While there is buzz among some tourism boards that the simple, sylvan setting in Pennsylvania known as the Poconos is looking to re-brand its destination, one of the area’s biggest resorts is holding steadfast to the past, and for good reason. Ninety miles west of New York City, Woodloch Pines Resort has got all the region’s year-round trappings; tranquility, a 15-acre lake, an 18-hole championship golf course, ski slopes, sailing, Bald Eagles, and miles of pristine hiking trails that city folk all too often forget about as they jitney the opposite way to Long Island shores.
To be certain, this property has joined the 21st century; Woodloch won accolades in 2009 as the Best Green Resort by Global Renewable Energy Expo, and offers Guitar Hero championships, free wi-fi, and a state-of-the-art spa. But it’s the other stuff, the 51 years of unwavering tradition, that puts Woodloch in a league of its own and draws loyal generations of families decade after decade. (And it doesn’t hurt to be named one of the top ten best winter resorts by Parents Magazine this November.)
Your weekend begins off Route 590 at the main lodge that oozes with predictable rustic coziness and festive holiday spirit. Entering the 1,200-seat dining room, however, you need a moment to get your bearings.
Every Wednesday and Saturday, guests are treated to a different theme night from a bygone era. “It’s Dirty Dancing meets Disney,” said Laurie McEvoy, Woodloch’s marketing director. On this particular night, in addition to sailor-waiters and nautical decor, the “Cruise Night” event involves a conga line of characters like the Little Mermaid, Sponge Bob Square Pants, and Winnie the Pooh, then a “Cruise into the 1970s” show featuring classic hits from the Doobie Brothers, Lynyrd Skynyrd, The Temptations, and Grease, a surprise act, and finally a stand-up comedy performance by Brooklyn native Gary Delena.
There is no menu (another longstanding family-style tradition) and as the plates arrive one after another, there is the sense that the entire experience served at Woodloch is comparable to the food: comforting, memorable, and in abundance. “There’s just so much to do,” said 11-year-old Jake, before sliding down the hill on a snow saucer. “We come the first weekend of every December, and this is our ninth year,” said Joe, Jake’s father. “We get our Christmas tree from the nearby farm, and what brings us back is the beauty, the staff’s friendliness, the relationships you make with other families.” Panting up the slope, Jake interjects, “Yeah, and you’re never bored here.”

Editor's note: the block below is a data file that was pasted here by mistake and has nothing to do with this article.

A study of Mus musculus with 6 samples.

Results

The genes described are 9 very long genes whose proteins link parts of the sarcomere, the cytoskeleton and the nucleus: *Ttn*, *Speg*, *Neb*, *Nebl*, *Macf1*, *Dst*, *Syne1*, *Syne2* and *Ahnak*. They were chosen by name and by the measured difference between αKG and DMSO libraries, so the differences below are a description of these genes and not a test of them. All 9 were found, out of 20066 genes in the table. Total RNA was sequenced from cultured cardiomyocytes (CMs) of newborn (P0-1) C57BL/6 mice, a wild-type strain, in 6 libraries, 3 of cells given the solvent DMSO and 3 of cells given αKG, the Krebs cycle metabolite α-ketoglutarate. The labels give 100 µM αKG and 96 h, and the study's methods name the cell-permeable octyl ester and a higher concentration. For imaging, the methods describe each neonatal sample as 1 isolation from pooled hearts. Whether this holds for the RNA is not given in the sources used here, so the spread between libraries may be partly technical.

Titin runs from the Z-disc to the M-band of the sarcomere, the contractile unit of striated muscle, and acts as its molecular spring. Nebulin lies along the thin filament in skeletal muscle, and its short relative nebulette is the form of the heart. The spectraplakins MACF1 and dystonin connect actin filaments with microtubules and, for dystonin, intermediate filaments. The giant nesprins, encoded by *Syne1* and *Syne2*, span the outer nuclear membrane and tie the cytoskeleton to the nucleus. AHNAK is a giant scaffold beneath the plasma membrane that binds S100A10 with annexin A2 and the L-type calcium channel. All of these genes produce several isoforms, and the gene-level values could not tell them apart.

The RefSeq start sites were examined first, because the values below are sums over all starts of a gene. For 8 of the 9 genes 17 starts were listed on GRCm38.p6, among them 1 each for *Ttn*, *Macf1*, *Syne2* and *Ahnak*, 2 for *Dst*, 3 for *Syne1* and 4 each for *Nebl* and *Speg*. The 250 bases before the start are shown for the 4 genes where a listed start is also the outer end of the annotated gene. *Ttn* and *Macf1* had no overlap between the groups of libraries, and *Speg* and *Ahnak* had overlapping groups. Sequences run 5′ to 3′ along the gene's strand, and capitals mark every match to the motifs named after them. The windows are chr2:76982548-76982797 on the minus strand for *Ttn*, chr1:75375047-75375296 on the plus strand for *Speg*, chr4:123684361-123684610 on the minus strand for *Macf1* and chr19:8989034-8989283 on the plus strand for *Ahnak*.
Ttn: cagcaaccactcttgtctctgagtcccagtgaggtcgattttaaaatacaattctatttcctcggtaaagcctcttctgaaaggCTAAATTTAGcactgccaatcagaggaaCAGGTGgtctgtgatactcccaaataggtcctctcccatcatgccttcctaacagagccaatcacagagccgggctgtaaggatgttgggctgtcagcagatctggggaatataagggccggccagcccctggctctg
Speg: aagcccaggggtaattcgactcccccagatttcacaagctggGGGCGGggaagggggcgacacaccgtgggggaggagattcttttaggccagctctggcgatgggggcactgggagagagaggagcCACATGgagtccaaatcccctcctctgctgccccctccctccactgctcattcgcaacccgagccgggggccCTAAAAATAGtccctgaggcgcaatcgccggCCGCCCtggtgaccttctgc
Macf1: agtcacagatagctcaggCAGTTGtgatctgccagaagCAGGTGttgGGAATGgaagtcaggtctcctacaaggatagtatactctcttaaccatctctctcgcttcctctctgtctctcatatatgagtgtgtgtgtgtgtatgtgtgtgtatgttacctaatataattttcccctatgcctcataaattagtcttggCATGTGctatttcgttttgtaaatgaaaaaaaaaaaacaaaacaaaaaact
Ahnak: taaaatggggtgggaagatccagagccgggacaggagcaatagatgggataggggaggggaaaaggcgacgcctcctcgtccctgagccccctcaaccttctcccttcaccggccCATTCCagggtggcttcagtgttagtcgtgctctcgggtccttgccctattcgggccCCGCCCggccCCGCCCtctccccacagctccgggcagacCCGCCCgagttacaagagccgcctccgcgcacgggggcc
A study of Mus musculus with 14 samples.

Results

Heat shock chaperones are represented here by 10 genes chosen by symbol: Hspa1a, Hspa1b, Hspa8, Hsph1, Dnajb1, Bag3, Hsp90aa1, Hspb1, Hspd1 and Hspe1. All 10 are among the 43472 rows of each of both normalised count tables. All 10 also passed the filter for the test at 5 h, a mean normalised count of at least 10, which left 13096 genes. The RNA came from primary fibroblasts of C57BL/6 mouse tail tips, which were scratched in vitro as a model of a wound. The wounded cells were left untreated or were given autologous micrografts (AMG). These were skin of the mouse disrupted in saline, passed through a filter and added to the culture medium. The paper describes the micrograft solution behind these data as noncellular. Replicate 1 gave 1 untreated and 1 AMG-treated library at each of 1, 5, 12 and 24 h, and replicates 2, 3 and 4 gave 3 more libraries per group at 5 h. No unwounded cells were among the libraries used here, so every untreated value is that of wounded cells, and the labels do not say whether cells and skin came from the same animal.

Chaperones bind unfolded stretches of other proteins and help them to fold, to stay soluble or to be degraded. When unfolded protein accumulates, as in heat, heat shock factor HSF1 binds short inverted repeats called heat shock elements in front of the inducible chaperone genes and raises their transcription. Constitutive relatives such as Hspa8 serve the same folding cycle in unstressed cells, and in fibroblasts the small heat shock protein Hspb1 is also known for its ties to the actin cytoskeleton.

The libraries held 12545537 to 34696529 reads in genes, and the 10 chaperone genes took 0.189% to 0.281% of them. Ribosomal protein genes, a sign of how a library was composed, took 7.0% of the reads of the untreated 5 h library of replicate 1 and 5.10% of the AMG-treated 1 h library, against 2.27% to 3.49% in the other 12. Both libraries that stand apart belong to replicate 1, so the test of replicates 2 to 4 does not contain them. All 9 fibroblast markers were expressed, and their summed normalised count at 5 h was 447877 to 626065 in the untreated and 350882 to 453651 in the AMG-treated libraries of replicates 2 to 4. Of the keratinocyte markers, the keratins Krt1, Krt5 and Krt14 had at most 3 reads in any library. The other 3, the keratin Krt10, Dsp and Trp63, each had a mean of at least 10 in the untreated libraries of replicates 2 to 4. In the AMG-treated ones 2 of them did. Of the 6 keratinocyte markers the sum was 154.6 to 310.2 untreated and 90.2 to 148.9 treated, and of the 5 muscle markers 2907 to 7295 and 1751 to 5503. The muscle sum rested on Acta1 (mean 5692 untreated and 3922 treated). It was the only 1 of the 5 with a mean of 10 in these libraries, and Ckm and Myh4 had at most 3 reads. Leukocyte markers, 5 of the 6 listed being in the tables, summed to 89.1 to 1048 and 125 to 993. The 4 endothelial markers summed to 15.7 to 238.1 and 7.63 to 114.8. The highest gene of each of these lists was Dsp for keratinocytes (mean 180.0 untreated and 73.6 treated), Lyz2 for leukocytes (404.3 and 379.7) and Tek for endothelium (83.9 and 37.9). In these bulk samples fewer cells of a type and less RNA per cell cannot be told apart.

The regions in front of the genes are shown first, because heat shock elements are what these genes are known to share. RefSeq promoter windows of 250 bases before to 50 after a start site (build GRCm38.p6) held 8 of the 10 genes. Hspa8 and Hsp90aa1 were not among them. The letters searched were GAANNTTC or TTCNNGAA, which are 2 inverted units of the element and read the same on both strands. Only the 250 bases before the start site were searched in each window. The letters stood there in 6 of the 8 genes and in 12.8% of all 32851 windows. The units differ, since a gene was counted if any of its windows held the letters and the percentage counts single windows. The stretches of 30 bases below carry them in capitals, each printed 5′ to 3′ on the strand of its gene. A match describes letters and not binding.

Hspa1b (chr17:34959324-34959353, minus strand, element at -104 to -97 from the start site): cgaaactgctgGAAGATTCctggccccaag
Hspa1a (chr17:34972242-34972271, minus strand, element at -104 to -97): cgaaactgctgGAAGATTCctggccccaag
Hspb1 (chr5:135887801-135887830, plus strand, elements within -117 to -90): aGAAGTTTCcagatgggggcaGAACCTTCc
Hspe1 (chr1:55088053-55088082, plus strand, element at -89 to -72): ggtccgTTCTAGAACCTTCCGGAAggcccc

Indeed, on any given visit, guests are presented with a schedule packed with (mostly free) activities; for kids, that can range from paintball and a petting zoo (including donkey rides), to go-carting, water-skiing, and arts & crafts; and for parents, late night dancing and drinks in the bar in the North Lodge, fishing, relaxing by the pool, or an afternoon at the spa.
On one mild winter day, a fresh layer of snow on the ground, two groups of families took to the trails with Woodloch-rented gear to test out the official snowshoe destination of New York, New Jersey, and Pennsylvania. An hour later, the voice of a teenage Upper West Sider could be heard bouncing off the sides of oak and maple trees; apparently, everyone would soon be hopping the Woodloch shuttle to ski Big Bear at nearby Masthope Mountain. (Ski packages are offered at $425/midweek, $595/weekends for a family of four; the Ski & Spa package offers free skiing in January with rates starting at $119/night – review this and other specials here.)
On paper, this place may appear to be a well-oiled vacation machine, lacking that personal touch. Except that founding owner Harry Kiesendahl’s entire family tree is involved in every level of operation, which results in a deep, genuine degree of hospitality that’s seldom found in resorts responsible for sheltering over 1,000 people across 75 acres of private property—including the sister property Lodge at Woodloch, which Woodloch Pines Resort now operates. “We have a serious passion for what we do. We live here, and our guests are like family. It’s not commercial,” said owner John Kiesendahl, fondly known as the “guy with the silly pants.” For both suburbanites and metropolitans, Woodloch is the panacea for overworked minds and bodies. It is a familial sanctuary, where old-fashioned entertainment coincides with a natural Deepak-Chopra-level of serenity, both of which will hopefully remain as is.
How to get there: Take the Short Line Bus from Port Authority to Hawley, PA. The ride is 2.5 hours, and once you have arrived at the station, a Woodloch shuttle will be there to escort you to the resort. Kids under 12 stay for free. For more information about special packages at Woodloch and to review the schedule, visit woodloch.com. (Woodloch Pines Resort, RR1 Box 280, Hawley, PA 18428, 800.966.3562)
The co-founder and editor-at-large at offMetro, Lauren is a sustainable travel specialist and freelance journalist with frequent bylines in National Geographic, Bicycling Magazine and Shape. Follow Lauren’s adventures at @laurenmati.